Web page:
You may not be able to gain employment there anymore, but you might be able to save a buck or two when WinCo opens its two discount grocery stores in March.

At this point the company has stopped hiring for its Las Vegas and Henderson stores, according to WinCo’s website.

Mike Read, vice president of public and legal affairs for WinCo Foods, wasn’t immediately aware of the halt in hiring, but said, "If it says it on the website, then it’s probably true."

WinCo usually opens its stores with 200 employees per location.

The Southern Nevada sites are based at Stephanie Street and Wigwam Parkway; and at the Las Vegas Beltway and Decatur Boulevard. Read said both stores will occupy about 94,000 square feet when they’re finished.

"We’re excited to open in the market soon," Read said.

WinCo Foods chooses it store locations based on market research that includes measures of area economic surveys, sales projections, traffic flow and population studies.

"It’s a very sophisticated process," Read said.

The company wouldn’t disclose how much it’s costing to open the stores, but Read said, "It’s quite a significant investment."

The company employs about 14,000 people in its 82 stores that are spread throughout Washington, Idaho, Nevada, California, Oregon and Utah. WinCo isn’t new to Nevada as a whole, just Southern Nevada. The company has operated two Reno-based stores since 1994 and 1999.

Read said the 2012 expansion into Las Vegas and Henderson comes when the company has other nearby locations in Southern California and Utah, so it made sense to look at the Southern Nevada market.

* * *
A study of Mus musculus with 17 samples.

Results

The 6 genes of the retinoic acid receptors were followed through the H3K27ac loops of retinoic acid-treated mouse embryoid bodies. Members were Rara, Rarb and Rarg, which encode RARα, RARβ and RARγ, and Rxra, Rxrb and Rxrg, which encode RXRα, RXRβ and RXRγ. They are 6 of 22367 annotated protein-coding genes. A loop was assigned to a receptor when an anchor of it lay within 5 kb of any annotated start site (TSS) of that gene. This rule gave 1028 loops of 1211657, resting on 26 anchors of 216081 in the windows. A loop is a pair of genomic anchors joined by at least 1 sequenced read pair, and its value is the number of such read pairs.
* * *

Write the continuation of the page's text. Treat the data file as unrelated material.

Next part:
The company’s business model most closely compares with Walmart’s, which Read said pricewise, is WinCo’s largest competition.

"It’s just a very large discount supermarket," Read explained. "But anyone that sells groceries is a competitor."

WinCo requires neither memberships nor store rewards cards. Customers just come in and shop.

"We’re very competitive," Read said.

David Livingston, supermarket research analyst based in Waukesha, Wis., said WinCo shouldn’t have any trouble in Southern Nevada.

"Times are good for them," he said. "WinCo is strong."

Traditionally, its stores do a high volume of sales and because it is an employee-owned company, Livingston said morale tends to be higher than in more traditional grocery retailers.

"Employees will be a lot more engaged with the shoppers," Livingston theorized.

And, because of the economic downturn, he predicts customers will respond to the low-price business model.

"Their format is going to be more appealing compared to Albertsons, Fresh & Easy or Smiths," Livingston said.

With Albertsons and Fresh & Easy closing stores in other markets, Livingston said WinCo’s entry into Southern Nevada just makes another dent in both brands.

WinCo Foods, which bills itself as the supermarket low price leader, was founded in 1967 in Boise, Idaho, as a discount grocery warehouse under the name Waremart Food Centers and Cub Foods. In 1999, the name was changed to WinCo Foods, short for Winning Company.

WinCo Foods was listed at No. 66 on Forbes magazine’s 500 largest privately held companies in 2011. Annual revenues were up in 2011 for the company 2.3 percent to $4.73 billion from 2010’s $4.63 billion.

Contact reporter Laura Carroll at lcarroll@reviewjournal.com or 702-380-4588.